March 23, 2018

Week In STEM-12 Sept

Cancer patient receives 3-D printed ribs

After being diagnosed with a chest wall sarcoma, a 54-year-old Spanish man’s surgical team made the decision to remove his sternum and a portion of his rib cage and replace it with an implant. This cancer patient has now received a 3-D printed titanium sternum and rib implant.


Scientists at the Deltares Research Institute in the Netherlands have built a machine that creates the world’s largest artificial wave.

They say replicating the sea at its most treacherous will help them to develop new flood defence technology to help them to cope with rising sea levels.

Our science correspondent Rebecca Morelle has been given exclusive access to the facility.


As a potential treatment for Parkinson’s disease, scientists have created smarter immune cells that produce and deliver a healing protein to the brain while also teaching neurons to begin making the protein for themselves.


A student at De Montfort University Leicester (DMU) is trying to find scientific support for the claim that a herbal remedy her Nigerian family have used for generations can treat cancer.

Hajara Alfa said family and friends from city of Kaduna where she was born and raised have for years sworn by the healing powers of the powdered bark of the Boswellia odorata – a tree which grows in the region.


China is planning the first ever landing of a lunar probe on the far side of the Moon, an engineer has said.

The Chang’e 4 mission is planned for sometime before 2020,and could eventually lead to the placement of a radio telescope for use by astronomers. The Moon’s far side would be shielded from radio transmissions from Earth, making it an excellent location for sensitive instruments.


Conventional methods of mosquito control are becoming less effective over time, and researchers seek alternatives to existing techniques in an effort to stay one step ahead of adaptation. Now, a group of health and ecological science researchers in Johannesburg, South Africa,report the use of an electrostatic coating that binds insecticide particles.

The authors report that the method delivers such high levels of insecticides to mosquitos that even those with high levels of resistance are killed effectively. It consists of a coating, originally developed to trap and bind airborne pollen, which is applied on different substrates, including conventional mosquito netting for deployment in households. The coating has an that binds particles via polarity. Though such techniques have been effectively applied in agriculture, this study is the first to demonstrate efficacy against disease-carrying mosquitos.


Razi, age 6, has idiopathic epilepsy, a neurological disease that causes intermittent seizures. He was diagnosed two years ago and was having about two seizures a year. This summer, though, they started happening monthly.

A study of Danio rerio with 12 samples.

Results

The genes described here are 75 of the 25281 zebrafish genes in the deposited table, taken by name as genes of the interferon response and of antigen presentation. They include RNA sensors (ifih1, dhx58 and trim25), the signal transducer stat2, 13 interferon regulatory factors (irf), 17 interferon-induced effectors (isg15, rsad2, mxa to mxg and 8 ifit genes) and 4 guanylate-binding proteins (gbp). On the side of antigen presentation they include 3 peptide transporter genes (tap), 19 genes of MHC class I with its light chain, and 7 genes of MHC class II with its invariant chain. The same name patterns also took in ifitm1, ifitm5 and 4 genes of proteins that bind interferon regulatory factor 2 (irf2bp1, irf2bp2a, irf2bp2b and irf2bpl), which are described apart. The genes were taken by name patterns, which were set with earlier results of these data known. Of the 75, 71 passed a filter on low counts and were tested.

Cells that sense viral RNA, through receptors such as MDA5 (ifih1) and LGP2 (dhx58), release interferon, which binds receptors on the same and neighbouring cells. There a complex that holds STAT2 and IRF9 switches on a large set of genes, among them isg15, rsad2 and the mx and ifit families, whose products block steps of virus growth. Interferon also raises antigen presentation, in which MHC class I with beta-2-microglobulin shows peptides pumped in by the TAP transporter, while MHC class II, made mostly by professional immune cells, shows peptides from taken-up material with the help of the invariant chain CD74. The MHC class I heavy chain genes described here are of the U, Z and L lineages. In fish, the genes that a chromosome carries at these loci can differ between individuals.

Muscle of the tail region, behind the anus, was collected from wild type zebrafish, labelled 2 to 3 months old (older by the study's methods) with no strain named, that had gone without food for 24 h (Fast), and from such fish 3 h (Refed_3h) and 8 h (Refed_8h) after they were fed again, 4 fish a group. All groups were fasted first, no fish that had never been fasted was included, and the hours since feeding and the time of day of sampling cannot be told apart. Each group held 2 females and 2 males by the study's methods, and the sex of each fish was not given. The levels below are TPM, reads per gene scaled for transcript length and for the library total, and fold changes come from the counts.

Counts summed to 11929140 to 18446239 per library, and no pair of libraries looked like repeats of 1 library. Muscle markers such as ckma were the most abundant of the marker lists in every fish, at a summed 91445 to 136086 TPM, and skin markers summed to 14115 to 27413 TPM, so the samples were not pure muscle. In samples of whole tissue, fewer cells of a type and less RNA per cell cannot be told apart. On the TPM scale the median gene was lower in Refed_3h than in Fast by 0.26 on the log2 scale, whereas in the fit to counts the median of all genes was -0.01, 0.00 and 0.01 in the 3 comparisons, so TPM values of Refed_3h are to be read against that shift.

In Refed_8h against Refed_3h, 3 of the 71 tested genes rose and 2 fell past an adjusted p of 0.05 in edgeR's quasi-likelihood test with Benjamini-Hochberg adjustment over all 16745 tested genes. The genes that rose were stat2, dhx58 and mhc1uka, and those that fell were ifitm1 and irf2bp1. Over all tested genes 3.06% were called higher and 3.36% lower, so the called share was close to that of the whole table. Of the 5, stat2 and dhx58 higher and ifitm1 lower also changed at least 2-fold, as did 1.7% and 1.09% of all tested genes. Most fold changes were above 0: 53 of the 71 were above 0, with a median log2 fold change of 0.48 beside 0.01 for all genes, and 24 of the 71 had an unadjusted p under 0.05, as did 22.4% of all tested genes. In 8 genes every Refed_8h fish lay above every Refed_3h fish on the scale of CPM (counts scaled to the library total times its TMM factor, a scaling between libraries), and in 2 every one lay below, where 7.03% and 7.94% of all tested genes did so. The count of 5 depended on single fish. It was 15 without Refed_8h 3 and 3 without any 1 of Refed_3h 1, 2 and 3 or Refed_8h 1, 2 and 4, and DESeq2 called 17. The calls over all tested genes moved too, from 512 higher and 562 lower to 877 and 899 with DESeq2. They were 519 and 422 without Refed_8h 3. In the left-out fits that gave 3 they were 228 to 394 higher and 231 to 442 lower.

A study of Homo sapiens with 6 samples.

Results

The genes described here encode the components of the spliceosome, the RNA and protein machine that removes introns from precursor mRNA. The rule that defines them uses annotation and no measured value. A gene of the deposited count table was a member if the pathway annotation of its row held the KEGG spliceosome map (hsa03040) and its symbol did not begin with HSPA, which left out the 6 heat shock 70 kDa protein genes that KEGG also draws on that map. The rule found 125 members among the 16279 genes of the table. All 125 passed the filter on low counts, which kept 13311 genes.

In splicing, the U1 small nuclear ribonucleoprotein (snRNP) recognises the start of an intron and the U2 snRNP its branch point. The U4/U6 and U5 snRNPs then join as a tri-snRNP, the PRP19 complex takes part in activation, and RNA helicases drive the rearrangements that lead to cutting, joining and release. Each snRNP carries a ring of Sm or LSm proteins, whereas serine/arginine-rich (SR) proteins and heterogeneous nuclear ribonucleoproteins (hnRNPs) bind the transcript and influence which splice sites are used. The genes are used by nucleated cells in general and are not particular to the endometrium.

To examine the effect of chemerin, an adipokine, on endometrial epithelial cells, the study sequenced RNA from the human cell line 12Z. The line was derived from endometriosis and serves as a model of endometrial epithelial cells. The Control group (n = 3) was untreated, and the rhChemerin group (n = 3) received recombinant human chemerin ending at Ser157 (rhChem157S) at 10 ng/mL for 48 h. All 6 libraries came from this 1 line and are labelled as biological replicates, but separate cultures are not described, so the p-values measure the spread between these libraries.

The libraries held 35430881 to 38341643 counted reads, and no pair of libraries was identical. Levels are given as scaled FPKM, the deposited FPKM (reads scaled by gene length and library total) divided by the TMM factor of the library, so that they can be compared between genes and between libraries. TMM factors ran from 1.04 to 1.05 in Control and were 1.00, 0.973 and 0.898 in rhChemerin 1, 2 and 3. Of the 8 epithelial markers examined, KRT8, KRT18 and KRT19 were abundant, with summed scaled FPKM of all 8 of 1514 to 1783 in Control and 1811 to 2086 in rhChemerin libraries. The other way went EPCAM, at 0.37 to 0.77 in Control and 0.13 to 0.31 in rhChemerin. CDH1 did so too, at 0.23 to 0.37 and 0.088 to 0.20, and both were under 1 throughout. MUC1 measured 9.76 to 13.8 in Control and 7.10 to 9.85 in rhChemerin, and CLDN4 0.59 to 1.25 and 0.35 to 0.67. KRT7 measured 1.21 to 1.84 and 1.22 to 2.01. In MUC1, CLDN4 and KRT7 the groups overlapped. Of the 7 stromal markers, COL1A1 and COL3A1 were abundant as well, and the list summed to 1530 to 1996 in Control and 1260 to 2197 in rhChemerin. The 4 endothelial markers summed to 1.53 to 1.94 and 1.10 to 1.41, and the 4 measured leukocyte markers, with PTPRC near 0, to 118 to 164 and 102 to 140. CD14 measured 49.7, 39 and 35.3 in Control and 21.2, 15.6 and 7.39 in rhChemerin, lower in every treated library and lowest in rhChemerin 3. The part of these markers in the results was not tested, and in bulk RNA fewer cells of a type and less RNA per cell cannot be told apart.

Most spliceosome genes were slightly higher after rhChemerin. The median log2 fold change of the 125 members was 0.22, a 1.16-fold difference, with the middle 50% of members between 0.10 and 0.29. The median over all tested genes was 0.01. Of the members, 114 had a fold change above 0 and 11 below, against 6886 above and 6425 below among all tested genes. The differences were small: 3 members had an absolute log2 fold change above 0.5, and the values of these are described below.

This diagnosis is extremely rare – so rare, Ginger Sturgeon, director of animal health, says she’s never heard of another African Lion with it.


At the smallest scales, everything in the universe can be broken down into fundamental morsels called particles. TheStandard Model of particle physics—the reigning theory of these morsels—describes a small collection of known species that combine in myriad ways to build the matter around us and carry the forces of nature.

Yet physicists know that these particles cannot be all there is—they do not account for the dark matter or dark energy that seem to contribute much of the universe’s mass, for example. Now two experiments have observed particles misbehaving in ways not predicted by any known laws of physics, potentially suggesting the existence of some new type of particle beyond the standard zoo.


Prions are the misshapen proteins that replicate by inducing normal proteins to misfold and aggregate in the brain, leading to rare diseases such as mad cow and kuru. In recent years, scientists have discovered that similar processes of protein misfoldingare at work in many neurodegenerative disorders, including Alzheimer’s, Parkinson’s and Lou Gehrig’s disease.

Now, a study in Nature reveals the first evidence for human-to-human transmission of the misfolded proteins that underlie the pathology of Alzheimer’s disease.


Just over an hour’s drive from London, down winding lanes lined with oak and beech trees, lies a concrete and glass building housing scientists tasked with a Herculean mission — to safeguard the future of food. TheKew Millennium Seed Bank is the hub of a global conservation network that aims, by 2020, to store a quarter — or 75,000 — of the world’s plant species, with a particular focus on the most endangered, economically important and endemic. It is, as its director Jonas Mueller describes, “the biggest conservation project on earth”.


Researchers at Alexandria University in Egypt have unveiled a cost-effective desalination technology which can filter highly salty water in minutes.

The technology is based on membranes containing cellulose acetate powder, produced in Egypt. The powder, in combination with other components, binds the salt particles as they pass through, making the technique useful for desalinating seawater.


GravityLight lamp was created to help solve this problem since it is moved only by gravity, with no need for battery, sunlight or electricity to operate and consequently helping thousands of people around the world.


Stanford scientists produced a common cancer drug — previously only available from an endangered plant — in a common laboratory plant. This work could lead to a more stable supply of the drug and allow scientists to manipulate that drug to make it even safer and more effective.